Ross Kenseth, the 20-year-old son of 2003 NASCAR Sprint Cup Series champion Matt Kenseth, will attempt to make his first start in the Automobile Racing Club of America series on Sunday, Aug. 25, at Madison (Wis.) International Speedway.
Driving the No. 52 Blain’s Farm & Fleet Chevrolet for Ken Schrader Racing, Ross Kenseth’s ARCA debut will occur just 100 miles from his hometown of Little Chute, Wis., and only 20 miles from Cambridge, Wis., the home of his famous father.
“It’s a great opportunity to get in a Ken Schrader Racing car," Ross said. "They always have good stuff, especially at short tracks. It’s also a big deal to make this start with Blain’s Farm & Fleet, which is based nearby in Janesville (Wis.) and has been with me each step of the way. I’m thankful to both for this opportunity and I’m excited to make my first start in a heavier-style stock car at Madison.”
“We’re excited to get Ross in the car to go to Madison,” said team owner Ken Schrader. “He’s proven that he’s ready to race ARCA and he knows how to get around that track. We’re going to go up there and try to win this thing together.”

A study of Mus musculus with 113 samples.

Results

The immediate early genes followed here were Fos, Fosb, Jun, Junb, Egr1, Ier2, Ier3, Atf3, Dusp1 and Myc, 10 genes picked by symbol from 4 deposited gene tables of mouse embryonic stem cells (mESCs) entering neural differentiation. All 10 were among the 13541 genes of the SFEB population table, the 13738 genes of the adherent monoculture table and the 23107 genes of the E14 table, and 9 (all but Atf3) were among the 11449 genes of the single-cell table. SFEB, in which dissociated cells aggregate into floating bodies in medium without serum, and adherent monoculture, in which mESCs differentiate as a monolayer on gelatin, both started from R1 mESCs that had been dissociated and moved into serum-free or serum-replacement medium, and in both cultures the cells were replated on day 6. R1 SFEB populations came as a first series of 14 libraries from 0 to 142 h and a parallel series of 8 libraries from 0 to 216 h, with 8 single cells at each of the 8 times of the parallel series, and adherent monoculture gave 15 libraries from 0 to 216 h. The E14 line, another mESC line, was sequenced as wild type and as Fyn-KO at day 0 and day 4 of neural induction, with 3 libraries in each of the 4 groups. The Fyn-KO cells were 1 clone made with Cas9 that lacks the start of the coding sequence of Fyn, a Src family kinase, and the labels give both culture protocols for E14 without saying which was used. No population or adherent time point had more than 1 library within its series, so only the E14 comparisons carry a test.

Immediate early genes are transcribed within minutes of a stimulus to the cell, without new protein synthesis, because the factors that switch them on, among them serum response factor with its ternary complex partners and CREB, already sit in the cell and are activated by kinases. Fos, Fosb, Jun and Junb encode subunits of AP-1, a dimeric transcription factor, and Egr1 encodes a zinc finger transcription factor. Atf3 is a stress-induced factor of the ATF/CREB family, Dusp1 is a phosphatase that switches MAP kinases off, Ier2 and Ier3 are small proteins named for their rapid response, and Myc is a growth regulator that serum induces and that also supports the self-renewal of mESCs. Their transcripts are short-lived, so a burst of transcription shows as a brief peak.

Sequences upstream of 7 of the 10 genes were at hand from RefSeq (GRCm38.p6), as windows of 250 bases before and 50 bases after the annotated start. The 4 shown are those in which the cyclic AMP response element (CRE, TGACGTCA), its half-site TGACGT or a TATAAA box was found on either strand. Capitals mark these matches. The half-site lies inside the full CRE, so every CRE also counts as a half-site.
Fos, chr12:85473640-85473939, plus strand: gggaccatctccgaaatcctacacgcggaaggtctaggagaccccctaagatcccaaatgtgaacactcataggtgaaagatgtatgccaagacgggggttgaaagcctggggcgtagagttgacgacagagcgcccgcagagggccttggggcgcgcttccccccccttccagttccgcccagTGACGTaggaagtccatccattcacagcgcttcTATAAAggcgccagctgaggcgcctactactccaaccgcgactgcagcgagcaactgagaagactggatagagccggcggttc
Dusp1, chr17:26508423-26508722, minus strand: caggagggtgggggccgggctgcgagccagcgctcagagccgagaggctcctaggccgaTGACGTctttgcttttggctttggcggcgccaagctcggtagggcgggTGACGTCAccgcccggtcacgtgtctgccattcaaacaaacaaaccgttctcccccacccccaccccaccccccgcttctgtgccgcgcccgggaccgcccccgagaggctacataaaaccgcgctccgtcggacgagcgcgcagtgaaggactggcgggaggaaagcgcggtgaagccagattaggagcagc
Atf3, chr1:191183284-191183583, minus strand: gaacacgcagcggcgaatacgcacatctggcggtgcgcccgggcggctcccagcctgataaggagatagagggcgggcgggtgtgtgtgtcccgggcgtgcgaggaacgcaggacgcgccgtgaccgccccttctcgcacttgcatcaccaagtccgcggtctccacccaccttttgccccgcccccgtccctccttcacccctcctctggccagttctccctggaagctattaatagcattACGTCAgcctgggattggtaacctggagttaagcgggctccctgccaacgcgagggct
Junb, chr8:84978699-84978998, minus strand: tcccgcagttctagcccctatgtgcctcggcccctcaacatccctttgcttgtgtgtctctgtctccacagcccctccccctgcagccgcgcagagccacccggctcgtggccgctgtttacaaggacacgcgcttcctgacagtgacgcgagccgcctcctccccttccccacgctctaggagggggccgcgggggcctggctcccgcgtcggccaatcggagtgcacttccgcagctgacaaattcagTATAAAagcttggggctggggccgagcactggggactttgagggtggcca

But Kenseth’s ties to the Madison track run deeper than just his success at the 60-year-old facility. Matt Kenseth was the 1994 track champion and Ross’ grandfather, Roy Kenseth, has promoted races at the facility throughout the years.
"There isn’t a greater place for Ross to get his first ARCA start than Madison," said Matt Kenseth. "That track has meant a lot to us through the years. We both have enjoyed some great times and have won some big races there."
Ross Kenseth is also a mechanical engineering student at Clemson (S.C.) University.
The TV broadcast of the Herr’s 200 ARCA Series race from Madison will air tape-delayed Thursday, Aug. 29, on NBC Sports.